Officials are to propose changes to laws to help achieve Abu Dhabi Economic Vision 2030.
Economic laws set for reform
Abu Dhabi is reviewing its economic laws as the emirate seeks to woo investors and boost growth.
Officials from the Abu Dhabi Department of Economic Development (DED) say reforms are needed to replace outdated rules and reflect international best practice.
"We found the current laws cannot contribute to achieving the Abu Dhabi Economic Vision 2030," said Habib al Wazir, the director of DED's business legislation department.
"There was no harmony around these laws. The UAE has developed in no time and legislation was not matching up with development on the ground."
Officials want to synchronise the emirate's laws more effectively with the 2030 blueprint, which maps out the diversification of Abu Dhabi's economy during the next two decades.
Under the review, the DED surveyed 25 government departments and ministries, government-related companies and nearly 300 private-sector companies, asking them about their views on business laws.
It is already taking action in response to some feedback.
Concerns about high government service fees were raised by respondents from private industry, said Mr al Wazir. As a result, the DED was reviewing licensing and other service charges.
Regulation of the property market was also highlighted as an area that required reform.
In response, a package of property legislation was being planned by the Abu Dhabi Department of Municipal Affairs, Mr al Wazir said.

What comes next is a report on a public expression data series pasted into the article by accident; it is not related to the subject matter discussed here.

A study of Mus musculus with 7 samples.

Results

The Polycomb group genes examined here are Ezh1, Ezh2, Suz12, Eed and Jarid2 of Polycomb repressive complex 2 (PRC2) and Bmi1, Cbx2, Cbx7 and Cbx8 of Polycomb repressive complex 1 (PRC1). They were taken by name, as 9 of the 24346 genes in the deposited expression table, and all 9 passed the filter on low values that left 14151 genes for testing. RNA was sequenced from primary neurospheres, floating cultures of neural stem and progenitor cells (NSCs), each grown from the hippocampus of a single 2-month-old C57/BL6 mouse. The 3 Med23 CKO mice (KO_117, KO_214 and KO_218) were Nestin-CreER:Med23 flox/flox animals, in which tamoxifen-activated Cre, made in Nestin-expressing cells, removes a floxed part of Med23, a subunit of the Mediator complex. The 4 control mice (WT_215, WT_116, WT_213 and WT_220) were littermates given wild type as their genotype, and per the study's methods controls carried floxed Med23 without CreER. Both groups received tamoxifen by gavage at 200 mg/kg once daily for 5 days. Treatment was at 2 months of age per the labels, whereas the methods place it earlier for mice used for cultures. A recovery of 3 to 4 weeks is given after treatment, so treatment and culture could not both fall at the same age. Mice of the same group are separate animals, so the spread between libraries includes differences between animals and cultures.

Final recommendations on policy reform will be presented by the DED to emirate and federal policymakers next month.
Mr al Wazir, a former judge, launched the review in May 2009 in an attempt to boost Abu Dhabi's competitiveness during the global financial crisis.
The department's mandate includes driving economic growth through policy reforms. It has hired the international law company Simmons & Simmons to help gather and analyse information.
"Policymakers are asking the right questions, and it's encouraging that there's a desire to make the local economy more competitive," said Giyas Gokkent, the chief economist at National Bank of Abu Dhabi.
Officials are keen to benchmark the emirate's laws with economies including the UK, France, Singapore and Canada.
The review has taken into account new laws in the pipeline at a federal level. Some respondents surveyed were concerned about companies' foreign ownership limits.
Existing federal laws allow foreigners to own a maximum 49 per cent of businesses, with an Emirati sponsor owning the remainder. The exceptions are free zones, where foreign companies can have 100 per cent ownership. Draft laws to relax foreign ownership restrictions in certain sectors are being discussed by the UAE Cabinet.
The Ministry of Economy is handling about 14 draft laws aimed at boosting business conditions and attracting investment. The legislation covers foreign investment, competition, trade, commercial disputes, intellectual property rights, fraud and corporate governance.
"We are sending our recommendations to the Federal Government as we would like to help fine-tune laws in the UAE as well as Abu Dhabi," Mr al Wazir said.
Governments including the US and EU members are seeking to liberalise their economies to reinvigorate foreign investment.